William was the oldest child of James and Anah Barklow. He married Lydia in 1841 at the age of 24. In 1845 they moved from Pennsylvania to Illinois where William became a very prosperous farmer and land owner.
--Bernt Luberdinck (1560 - 1628)
--Jan Bernt Lubberdinck (1590-1662) M. Jannekeen Aelinckhave
-----1-Harman Janse Lubberdinck Van Borculo (1626-1672) M. Willemken Warners Elderinck
----2-Willem Harmense Barkeloo (1666-1738) M. Maria Corteljou
-----3-Jacques Barkelow (circa 1698 -1780)
-----4-William Barkelow (1726-1791)
------5-James Barkelow (1753-1834) Marriage 1: Elizabeth Yager
-----7-William Barklow (1817-1896) M. Lydia Klingman (1823 - 1915)
From the Diary of EJ Barklow
ON TO ILLINOIS
"There seems to have been considerable travel westward during the first half of the nineteenth century. Many Americans at that time apparently felt that the unlimited space and inexhaustible resources of the west promised them a life of greater dignity and abundance. Evidently the Barklow family shared this western dream. In 1845 they loaded their few belongings into a light wooden wagon drawn by a blind horse and began a journey that was to take them across Ohio and Indiana to the fertile farmlands of northern Illinois.
The journey must have been long and treacherous, for at one point in the trip their old blind horse was lost in a prairie fire. Once in Illinois, they bypassed Chicago which looked to them like an unattractive mud hole, and continued on to Stephenson County (EST 1845). Here, in Loran Township, some twelve miles west of Freeport, they found what they were looking for - a live spring of cool sparkling water with wood not too far away. Two miles north was a grist mill, a country store, a post office and a blacksmith shop. It was an ideal location for the future Barklow homestead."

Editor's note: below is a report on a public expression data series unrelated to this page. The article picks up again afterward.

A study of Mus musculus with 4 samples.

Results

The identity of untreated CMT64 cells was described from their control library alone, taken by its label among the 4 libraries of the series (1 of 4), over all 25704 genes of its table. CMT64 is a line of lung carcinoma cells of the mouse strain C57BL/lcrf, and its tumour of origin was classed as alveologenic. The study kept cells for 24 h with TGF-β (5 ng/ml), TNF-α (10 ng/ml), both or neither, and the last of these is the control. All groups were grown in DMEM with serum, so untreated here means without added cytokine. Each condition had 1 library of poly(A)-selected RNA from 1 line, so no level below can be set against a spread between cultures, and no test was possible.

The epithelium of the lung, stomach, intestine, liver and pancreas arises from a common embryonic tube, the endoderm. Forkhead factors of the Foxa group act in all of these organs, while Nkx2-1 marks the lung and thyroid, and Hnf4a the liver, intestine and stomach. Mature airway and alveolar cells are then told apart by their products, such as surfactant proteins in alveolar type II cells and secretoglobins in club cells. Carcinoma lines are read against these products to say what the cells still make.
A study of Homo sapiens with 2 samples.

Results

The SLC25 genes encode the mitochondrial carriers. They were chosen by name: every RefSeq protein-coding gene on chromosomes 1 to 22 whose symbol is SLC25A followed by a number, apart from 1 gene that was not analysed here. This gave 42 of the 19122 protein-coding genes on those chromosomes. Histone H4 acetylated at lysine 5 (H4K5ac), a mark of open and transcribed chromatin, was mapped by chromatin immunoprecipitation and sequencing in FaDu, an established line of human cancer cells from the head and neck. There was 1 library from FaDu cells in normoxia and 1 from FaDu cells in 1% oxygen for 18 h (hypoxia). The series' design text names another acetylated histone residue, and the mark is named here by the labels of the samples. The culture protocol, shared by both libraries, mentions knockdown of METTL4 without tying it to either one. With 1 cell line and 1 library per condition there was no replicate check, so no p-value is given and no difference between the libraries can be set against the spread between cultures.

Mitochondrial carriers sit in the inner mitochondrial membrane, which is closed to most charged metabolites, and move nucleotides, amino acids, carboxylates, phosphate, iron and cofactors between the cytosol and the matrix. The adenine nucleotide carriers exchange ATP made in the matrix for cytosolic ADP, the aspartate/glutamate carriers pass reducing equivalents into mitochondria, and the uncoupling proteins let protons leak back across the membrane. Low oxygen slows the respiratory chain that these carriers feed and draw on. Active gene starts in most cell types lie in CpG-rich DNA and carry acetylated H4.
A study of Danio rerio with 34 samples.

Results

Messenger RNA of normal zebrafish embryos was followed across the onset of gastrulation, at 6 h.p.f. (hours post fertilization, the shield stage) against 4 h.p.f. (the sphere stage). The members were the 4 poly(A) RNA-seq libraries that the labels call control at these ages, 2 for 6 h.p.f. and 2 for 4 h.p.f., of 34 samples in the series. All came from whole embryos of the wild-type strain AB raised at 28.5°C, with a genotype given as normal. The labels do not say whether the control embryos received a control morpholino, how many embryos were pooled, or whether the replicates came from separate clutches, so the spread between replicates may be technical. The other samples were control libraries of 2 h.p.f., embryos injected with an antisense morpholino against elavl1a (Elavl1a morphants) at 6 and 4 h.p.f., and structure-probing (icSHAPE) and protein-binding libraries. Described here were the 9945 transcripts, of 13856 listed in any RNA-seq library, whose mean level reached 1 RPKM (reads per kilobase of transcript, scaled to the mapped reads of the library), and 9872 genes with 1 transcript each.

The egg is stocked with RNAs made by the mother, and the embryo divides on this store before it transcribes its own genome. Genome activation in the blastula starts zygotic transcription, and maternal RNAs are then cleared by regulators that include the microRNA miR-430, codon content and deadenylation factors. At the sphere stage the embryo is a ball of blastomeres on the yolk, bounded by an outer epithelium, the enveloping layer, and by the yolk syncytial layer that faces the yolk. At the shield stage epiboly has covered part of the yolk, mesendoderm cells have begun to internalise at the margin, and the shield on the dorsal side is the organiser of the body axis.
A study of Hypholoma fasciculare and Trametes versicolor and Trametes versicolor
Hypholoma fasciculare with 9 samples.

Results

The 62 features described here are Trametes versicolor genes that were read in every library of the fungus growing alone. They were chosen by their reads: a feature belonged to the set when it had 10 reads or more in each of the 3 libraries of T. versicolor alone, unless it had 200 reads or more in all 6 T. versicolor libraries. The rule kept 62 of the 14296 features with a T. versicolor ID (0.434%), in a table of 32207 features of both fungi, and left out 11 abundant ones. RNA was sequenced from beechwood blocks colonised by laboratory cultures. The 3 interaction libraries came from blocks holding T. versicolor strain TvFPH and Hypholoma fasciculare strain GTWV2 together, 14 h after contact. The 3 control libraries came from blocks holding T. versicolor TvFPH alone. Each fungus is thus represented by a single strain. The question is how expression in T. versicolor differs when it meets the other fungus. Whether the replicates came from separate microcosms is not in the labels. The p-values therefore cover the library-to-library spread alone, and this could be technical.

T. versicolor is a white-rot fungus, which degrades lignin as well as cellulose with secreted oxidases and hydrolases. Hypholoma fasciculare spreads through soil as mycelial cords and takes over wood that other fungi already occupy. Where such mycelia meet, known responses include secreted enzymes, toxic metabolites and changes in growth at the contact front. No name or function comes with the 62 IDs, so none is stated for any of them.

(Extracted from Wikipedia)
In the early 1840s, the village of Yellow Creek was established in southwest Stephenson County, Illinois on a creek also named Yellow Creek. Anson Andrews built a grain mill which used the power from the creek, and others soon settled near and around the mill, giving way to a small settlement. In the 1850s, the village had expanded to a size warranting its own post office, a significant addition to small Midwestern settlements of the time.